By: Dr. Nicholas Dodman

  • Glyburide is an oral drug used to help control type II diabetes mellitus. It has been shown to lower blood sugar in animals. Glyburide can be further described as a potent, second generation sulfonylurea hypoglycemic agent.
  • Glyburide is especially helpful in cats with type II diabetes. It is not effective in insulin dependant diabetics (type I diabetes) or in insulin resistant animals.
  • Glyburide binds to the plasma membrane of beta cells in the pancreatic islets causing transmembrane ionic shifts that lead to the exocytosis of insulin-containing secretory granules and, consequently, lowering of blood glucose concentrations. Glyburide also potentiates ADH causing a mild diuresis.
  • Glyburide has not been shown effective in dogs.
  • Following oral administration, glyburide is well absorbed, though it may be more effective when given 30 minutes prior to a meal.
  • It is transported in plasma highly bound to proteins (primarily albumin) and metabolized in the liver to weakly active metabolites that are excreted in the urine and feces. Glyburide has an onset of action of 2 to 4 hours, a plasma half-life of about 10 hours in humans, and duration of action of about 16 to 24 hours.
  • Glyburide is a prescription drug and can only be obtained from a veterinarian or by prescription from a veterinarian.
  • This drug is not approved for use in animals by the Food and Drug Administration but it is prescribed legally by veterinarians as an extra-label drug.

    Brand Names and Other Names

  • This drug is registered for use in humans only.
  • Human formulations: DiaBeta® (Hoechst Marion Rousell), Micronase® (Pharmacia & Upjohn), Glynase PresTab® (Pharmacia & Upjohn), and generic forms of glyburide.
  • Veterinary formulations: None

    Uses of Glyburide

  • Glyburide is used to regulate type II diabetes mellitus in cats.

    Precautions and Side Effects

  • While generally safe and effective when prescribed by a veterinarian, glyburide can cause side effects in some animals.
  • Glyburide should not be used in animals with known hypersensitivity or allergy to the drug.
  • Glyburide should be avoided in cats with low blood sugar. It will further lower the sugar.
  • Glyburide should not be used in cats with severe burns, infections, diabetic-related coma or ketosis.
  • Glyburide should not be used in animals with known cirrhosis, inflammatory bowel disease, intestinal obstruction, colonic ulceration, and chronic intestinal problems.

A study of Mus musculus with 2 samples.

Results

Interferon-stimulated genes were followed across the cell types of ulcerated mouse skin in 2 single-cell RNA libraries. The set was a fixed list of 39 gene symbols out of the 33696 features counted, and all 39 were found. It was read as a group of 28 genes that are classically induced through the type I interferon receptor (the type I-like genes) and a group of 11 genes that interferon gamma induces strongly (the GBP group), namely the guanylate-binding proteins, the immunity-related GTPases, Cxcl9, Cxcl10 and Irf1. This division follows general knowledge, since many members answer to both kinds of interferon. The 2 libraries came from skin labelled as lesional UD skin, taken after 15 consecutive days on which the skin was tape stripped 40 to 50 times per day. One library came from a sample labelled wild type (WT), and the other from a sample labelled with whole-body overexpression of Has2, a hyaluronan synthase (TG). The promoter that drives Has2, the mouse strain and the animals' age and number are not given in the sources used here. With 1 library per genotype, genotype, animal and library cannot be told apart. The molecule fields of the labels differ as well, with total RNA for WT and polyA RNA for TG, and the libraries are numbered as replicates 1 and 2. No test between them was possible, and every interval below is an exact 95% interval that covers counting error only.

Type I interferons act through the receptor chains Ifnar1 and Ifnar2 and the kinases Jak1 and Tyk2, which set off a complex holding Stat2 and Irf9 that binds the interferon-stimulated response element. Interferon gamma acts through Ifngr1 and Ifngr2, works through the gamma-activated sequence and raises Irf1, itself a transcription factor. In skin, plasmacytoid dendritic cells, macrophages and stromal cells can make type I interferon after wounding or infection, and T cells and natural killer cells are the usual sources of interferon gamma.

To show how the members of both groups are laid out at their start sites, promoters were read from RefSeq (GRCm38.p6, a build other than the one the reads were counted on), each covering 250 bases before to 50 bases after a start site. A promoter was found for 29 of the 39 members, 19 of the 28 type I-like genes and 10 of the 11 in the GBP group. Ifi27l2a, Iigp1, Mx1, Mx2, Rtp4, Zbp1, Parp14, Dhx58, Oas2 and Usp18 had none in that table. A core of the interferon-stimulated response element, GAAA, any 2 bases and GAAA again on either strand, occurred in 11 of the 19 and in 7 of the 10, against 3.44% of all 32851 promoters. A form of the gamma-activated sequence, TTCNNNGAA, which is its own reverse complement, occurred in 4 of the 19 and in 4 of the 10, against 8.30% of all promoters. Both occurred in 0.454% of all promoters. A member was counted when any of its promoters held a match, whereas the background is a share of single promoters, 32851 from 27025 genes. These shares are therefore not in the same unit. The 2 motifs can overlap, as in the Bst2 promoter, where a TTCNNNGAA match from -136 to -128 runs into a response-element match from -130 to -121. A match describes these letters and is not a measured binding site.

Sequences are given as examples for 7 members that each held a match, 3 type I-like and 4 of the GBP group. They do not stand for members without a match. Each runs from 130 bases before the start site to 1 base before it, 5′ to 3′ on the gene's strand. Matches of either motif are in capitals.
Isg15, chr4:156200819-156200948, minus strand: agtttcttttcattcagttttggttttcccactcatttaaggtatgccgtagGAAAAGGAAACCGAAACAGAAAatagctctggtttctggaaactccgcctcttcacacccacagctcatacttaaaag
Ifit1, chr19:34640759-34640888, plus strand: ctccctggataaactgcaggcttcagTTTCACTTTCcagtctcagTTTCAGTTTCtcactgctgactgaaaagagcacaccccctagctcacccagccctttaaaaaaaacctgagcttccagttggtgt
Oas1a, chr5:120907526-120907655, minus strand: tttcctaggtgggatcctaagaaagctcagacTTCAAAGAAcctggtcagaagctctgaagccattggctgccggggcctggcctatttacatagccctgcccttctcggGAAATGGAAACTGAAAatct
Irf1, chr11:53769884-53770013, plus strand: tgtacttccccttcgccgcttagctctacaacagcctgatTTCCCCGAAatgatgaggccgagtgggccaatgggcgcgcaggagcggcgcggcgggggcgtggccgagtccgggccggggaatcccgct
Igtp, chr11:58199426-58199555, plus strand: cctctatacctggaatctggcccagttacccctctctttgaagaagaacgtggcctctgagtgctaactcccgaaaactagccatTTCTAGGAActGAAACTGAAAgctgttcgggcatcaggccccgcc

• This drug should be used with caution in patients with adrenal and pituitary insufficiency, hypothyroidism, renal or hepatic impairment, or other debilitating disease.
  • Side effects may include vomiting, increases in ALT, or icterus. CNS side effects, dermatologic side effects, GI disturbance, and various hematologic changes have been reported in humans treated with glyburide.
  • During treatment with glyburide, blood glucose levels should be carefully monitored and periodic monitoring of CBC and hepatic function is warranted.

    Drug Interactions

  • Glyburide may interact with other medications. Consult with your veterinarian to determine if other drugs your pet is receiving could interact with glyburide. The effects may be enhanced or inhibited as will be discussed below.
  • The hypoglycemic effects of sulphonureas may be enhanced by various mechanisms including decreased hepatic metabolism and renal elimination, displacement from protein binding sites, decreased blood glucose, and alteration of carbohydrate metabolism. Drugs that can cause one or more of these effects include androgens, anticoagulants, azole antifungals, chloramphenicol, clofibrate, fenfluramine, gemfibrozil, H2 blockers, Mg salts, methyldopa, MAO inhibitors (e.g. L-deprenyl), probenecid, salicylates, sulfinpyrazone, sulfonamides, tricyclic antidepressants (e.g. amitriptyline, clomipramine), and urinary acidifiers.
  • The hypoglycemic effects of sulfonureas may be inhibited by drugs that increase hepatic clearance, decrease insulin release, or increase renal excretion.
  • Drugs that may cause one or other of these effects include beta blockers, calcium channel blockers, cholestyramine, corticosteroids, diazoxide, estrogens, hydantoins, isoniazid, nicotininc acid, phenothiazines, rifampin, sympathomimetics, thiazide diuretics, thyroid agents, and urinary alkalinizers.
  • In addition, charcoal may inhibit glyburide's absorption, ciprofloxacin may potentiate glyburide's hypoglycemic action, there is some interaction of glyburide with anticoagulants, and it may increase serum digitalis concentrations.

    How Glyburide is Supplied

  • Glyburide is available in 1.25 mg, 2.5 mg, 3 mg, 4.5 mg, 5 mg, and 6 mg tablets. Some tablet forms are micronized.

    Dosing Information

  • Medication should never be administered without first consulting your veterinarian.
  • Dosing of glyburide depends on the needs of the diabetic cat. Typically, cats are given 0.625 mg once daily.
  • The dose of glyburide may need to periodically be altered, based on the cat's response and the severity of diabetes.
  • The duration of administration depends on the condition being treated, response to the medication and the development of any adverse effects. Be certain to complete the prescription unless specifically directed by your veterinarian.